Between Alpine, cross country, freestyle, Nordic combined, ski jumping and snowboarding, it's an exciting year for Olympic skiing. Slopestyle is making its debut this year and women will be competing in ski jump for the first time.
Curling first originated in Scotland in the 16th century, played on frozen ponds and lochs. But the sport has a in the upper Midwest and Minnesota in particular. Nearly all of Team USA's curlers are from the state.
Minnesota is most well represented at the Sochi Olympics in -- no surprise -- hockey. But Olympic hockey is not the same as NHL or collegiate games. See how Olympic hockey works and which Minnesotans to watch for.
The sports were all developed during the late 1880s in Switzerland as a pastime for tourists who wanted a thrill sledding down the Alps. Here's what you need to know when you watch the Sochi games.
Biathlon combines cross-country skiing and rifle shooting and dates back to Norwegian ski troops in the late 1700s. Here's what you need to know when you watch the Sochi games.
A number of school districts will be closed Tuesday, making it the fifth day of cancellations due to cold weather this year.
The Archdiocese of St. Paul and Minneapolis announced Dec. 17 that Archbishop John Nienstedt voluntarily 'stepped aside from all public ministry' while police investigate a claim that he touched a boy on the buttocks in 2009, an allegation the archbishop denies.
A detailed look at the priests named by the Archdiocese of St. Paul and Minneapolis as clergy with credible accusations of child abuse against them.
There are over 50 breweries and brew pubs operating in Minnesota today, thanks in part to the "Surly Bill" that passed in 2011 making it possible for smaller breweries to sell their beer on site. Explore this map below to see the state of Minnesota brewing today.
Brewing has long been an important presence in the state, well before the recent "beer boom." See a map that tells the story.
This year's election represents a major test for ranked-choice voting in Minneapolis. Thirty-five candidates are competing in the most hotly contested mayor's race the city has seen in 20 years. This video explains how the votes will be counted.
With the Twin Cities regularly topping the lists of best places for bicyclists and Duluth on its way to becoming a destination for mountain biking, we asked some bike experts, and rider in our Public Insight Network, to share their top rides with us.
This week's Art Hounds: The Visit, Women in Soviet Art, bare in Fargo, and Chris Schlichting.
With the help of Northfield residents in our Public Insight Network, we've put together a list of hidden -- and not-so-hidden -- gems to explore in this river town, just 45 miles south of downtown Minneapolis.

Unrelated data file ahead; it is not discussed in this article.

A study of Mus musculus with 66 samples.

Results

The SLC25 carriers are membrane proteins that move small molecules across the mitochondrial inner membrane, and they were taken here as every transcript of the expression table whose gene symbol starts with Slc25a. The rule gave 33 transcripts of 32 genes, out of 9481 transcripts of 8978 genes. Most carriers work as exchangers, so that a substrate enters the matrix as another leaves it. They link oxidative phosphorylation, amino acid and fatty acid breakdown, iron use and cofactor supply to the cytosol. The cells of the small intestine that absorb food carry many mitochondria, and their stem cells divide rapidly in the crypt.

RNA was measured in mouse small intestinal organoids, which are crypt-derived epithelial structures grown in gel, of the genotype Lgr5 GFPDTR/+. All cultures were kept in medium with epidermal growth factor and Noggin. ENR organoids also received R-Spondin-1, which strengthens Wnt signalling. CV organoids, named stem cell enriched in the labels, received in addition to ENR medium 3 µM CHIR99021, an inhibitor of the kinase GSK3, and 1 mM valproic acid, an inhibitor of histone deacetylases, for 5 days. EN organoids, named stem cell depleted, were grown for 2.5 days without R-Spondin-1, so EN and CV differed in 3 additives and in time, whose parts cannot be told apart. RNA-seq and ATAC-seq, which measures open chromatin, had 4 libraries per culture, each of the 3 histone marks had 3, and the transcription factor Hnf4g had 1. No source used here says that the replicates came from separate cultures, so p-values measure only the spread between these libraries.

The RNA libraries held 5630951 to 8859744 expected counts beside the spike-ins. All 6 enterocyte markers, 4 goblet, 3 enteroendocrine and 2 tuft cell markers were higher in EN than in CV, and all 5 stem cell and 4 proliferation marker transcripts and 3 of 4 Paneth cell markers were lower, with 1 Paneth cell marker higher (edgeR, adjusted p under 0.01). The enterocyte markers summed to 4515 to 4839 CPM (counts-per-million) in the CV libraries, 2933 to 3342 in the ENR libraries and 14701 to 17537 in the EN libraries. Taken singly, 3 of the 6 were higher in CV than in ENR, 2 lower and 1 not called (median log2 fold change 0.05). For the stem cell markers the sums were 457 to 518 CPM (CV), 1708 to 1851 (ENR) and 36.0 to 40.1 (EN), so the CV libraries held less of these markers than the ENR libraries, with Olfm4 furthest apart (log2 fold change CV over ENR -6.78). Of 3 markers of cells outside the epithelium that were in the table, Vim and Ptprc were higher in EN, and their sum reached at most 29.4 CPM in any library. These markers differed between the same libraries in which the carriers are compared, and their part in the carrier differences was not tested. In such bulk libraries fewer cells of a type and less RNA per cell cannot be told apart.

The demographics of Minnesota are changing and the growing Latino community is an important part of that change. The first wave of Latino migration to Minnesota began in the early 1900s, when migrant workers from Mexico would came to the state to work in factories and in farm fields. Some of these workers moved on, but some stayed, many settling on St. Paul's West Side.
More recently, Latinos have been the fastest growing group in Minnesota for the past decade, establishing thriving communities throughout the Twin Cities metro area and in greater Minnesota. As of July 2012, the Latino population had grown by 85 percent since 2000 to a total of 264,359, according to U.S. Census data. Looking at the youngest generation the trend seems likely to continue. Latinos make up 8.3 percent of Minnesotans under 18, making Latinos the largest minority group in that age group.
This project aims to tell the stories of Latinos in Minnesota, delving deeply into how they define their own identities and how they relate to the larger Latino community in the state. Through the Public Insight Network, MPR News collected the stories of over 125 people who trace their roots back to 17 different countries. Some of the respondents' families have been in Minnesota for generations, while others have arrived in the past few years. Some came to the state as migrant workers, others as professionals.Their stories make it clear that there is not a universal take on what it means to be Latino -- or Hispanic or Chicano -- in Minnesota. But the stories do have one thing in common: Whether the respondents or their ancestors came to the state for work, love, or education, Minnesota is now home.